In this and future editions of It’s Time For Justice to be published during 2013, 2014, and 2015, I will put forward my own ideas and I will ask for ideas from people inside and outside the legal world. With respect, I urge politicians and journalists to adopt two roles here, even though we do not normally think of politicians and journalists as being “family law stakeholders.” Politicians and journalists who want to make Canada a better place in which to live are key to successfully improving access.
First are ideas. Part of the job of politicians is to think of improvements in how Canada is governed. I’m nudging you towards thinking of better family law governance. Everyone in Canada is affected directly or indirectly by family law. Part of the job of journalists is to also think up ways that life in Canada can be improved. Good journalists go interview people and do their own analyses, and run stories that lead to positive change. The news pages, the feature pages, and the comment pages, whether print, broadcast or web pages, are all involved.
Second, Canada needs these ideas translated into new or revamped laws. For a lot of my ideas from It’s Time For Justice to come into play, laws must be changed, and that’s where politicians come in.
I urge politicians to come into this discussion not as “whipped members” with a yea or nay as ordered by a party leader and forced by a party whip. Instead, please act as the elected representative, federal or provincial, of the men and women, and the children, of your ridings and of the entire country. Just because 9-year-olds can’t vote doesn’t mean the local MP, MPP or MLA does not represent them when laws about their parents’ split and their futures are being improved, or stalled.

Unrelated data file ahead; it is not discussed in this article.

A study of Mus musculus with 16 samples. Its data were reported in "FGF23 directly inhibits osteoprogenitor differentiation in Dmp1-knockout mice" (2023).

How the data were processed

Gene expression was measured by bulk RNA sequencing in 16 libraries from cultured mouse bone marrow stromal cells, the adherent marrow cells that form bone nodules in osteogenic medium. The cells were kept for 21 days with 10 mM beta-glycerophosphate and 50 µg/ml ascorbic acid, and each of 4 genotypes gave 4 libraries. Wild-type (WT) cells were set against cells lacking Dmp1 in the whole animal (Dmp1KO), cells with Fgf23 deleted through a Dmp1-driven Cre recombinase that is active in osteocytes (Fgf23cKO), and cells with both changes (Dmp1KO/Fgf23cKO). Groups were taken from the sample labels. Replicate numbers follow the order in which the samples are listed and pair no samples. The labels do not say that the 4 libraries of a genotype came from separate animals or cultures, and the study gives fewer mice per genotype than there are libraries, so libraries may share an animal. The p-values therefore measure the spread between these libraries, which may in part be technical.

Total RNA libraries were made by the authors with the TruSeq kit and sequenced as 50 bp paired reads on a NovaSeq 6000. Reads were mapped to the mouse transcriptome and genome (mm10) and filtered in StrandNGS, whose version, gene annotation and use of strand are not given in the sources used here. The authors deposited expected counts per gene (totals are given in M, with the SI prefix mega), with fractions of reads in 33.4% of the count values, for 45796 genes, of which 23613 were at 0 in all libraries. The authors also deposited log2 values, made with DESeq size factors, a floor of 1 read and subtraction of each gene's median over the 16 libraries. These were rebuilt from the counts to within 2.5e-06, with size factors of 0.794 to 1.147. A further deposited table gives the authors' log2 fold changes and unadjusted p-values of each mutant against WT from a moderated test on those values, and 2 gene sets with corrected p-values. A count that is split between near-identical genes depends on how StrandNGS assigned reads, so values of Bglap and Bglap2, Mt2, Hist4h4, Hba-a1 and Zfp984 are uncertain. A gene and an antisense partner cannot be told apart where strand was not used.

Federal and provincial members are all involved. The Divorce Act is federal, but it applies only to married couples. Division of property for married couples, however, is governed by provincial law. If you did not get married and are counted as common law, then child custody, child access, child support and spousal support are all provincial. Earlier this year, British Columbia made major changes in its laws affecting common law couples, to very mixed public reaction. The law is often not popular, and can be very complicated.
Decades ago, the federal parliament was full of lawyers, and it would be safe to assume there was a high overall level of understanding of the legal system, including family law. Today, the number of lawyers has dropped to 43 out of 308 MPs, meaning 85% of federal MPs are not lawyers. Many of the 85% will need help understanding legal issues and the benefits of changes. And they won’t spot the unanticipated consequences arising from a lack of legal care and precision.
It’s Time For Justice is written to build understanding among individual politicians. I work hard at explaining family law issues to Canadians, via interviews with print, radio, television, and internet journalists. I write my own print and video blogs, as do many of the firm’s other lawyers, and post them at www.separation.ca. I write for the Huffington Post’s Divorce section, and for legal industry professional magazines. This project has its own web site, at www.itstimeforjustice.ca.
I’ve learned Canada has some journalists who understand legal issues very well. Some journalists are also lawyers. But many Canadian journalists, just like many politicians and probably most Canadians, do not have an accurate view of family law in our country. Often, they think family law in Canada is more similar to US laws than it actually is.
Our federal Divorce Act covers all of Canada; Americans have state-by-state laws. But division of family property in Canada is provincial. We don’t have alimony and community property, but we do have same-sex marriage and divorce. And we have no-fault divorce, so adultery only rarely becomes a factor in a Canadian divorce.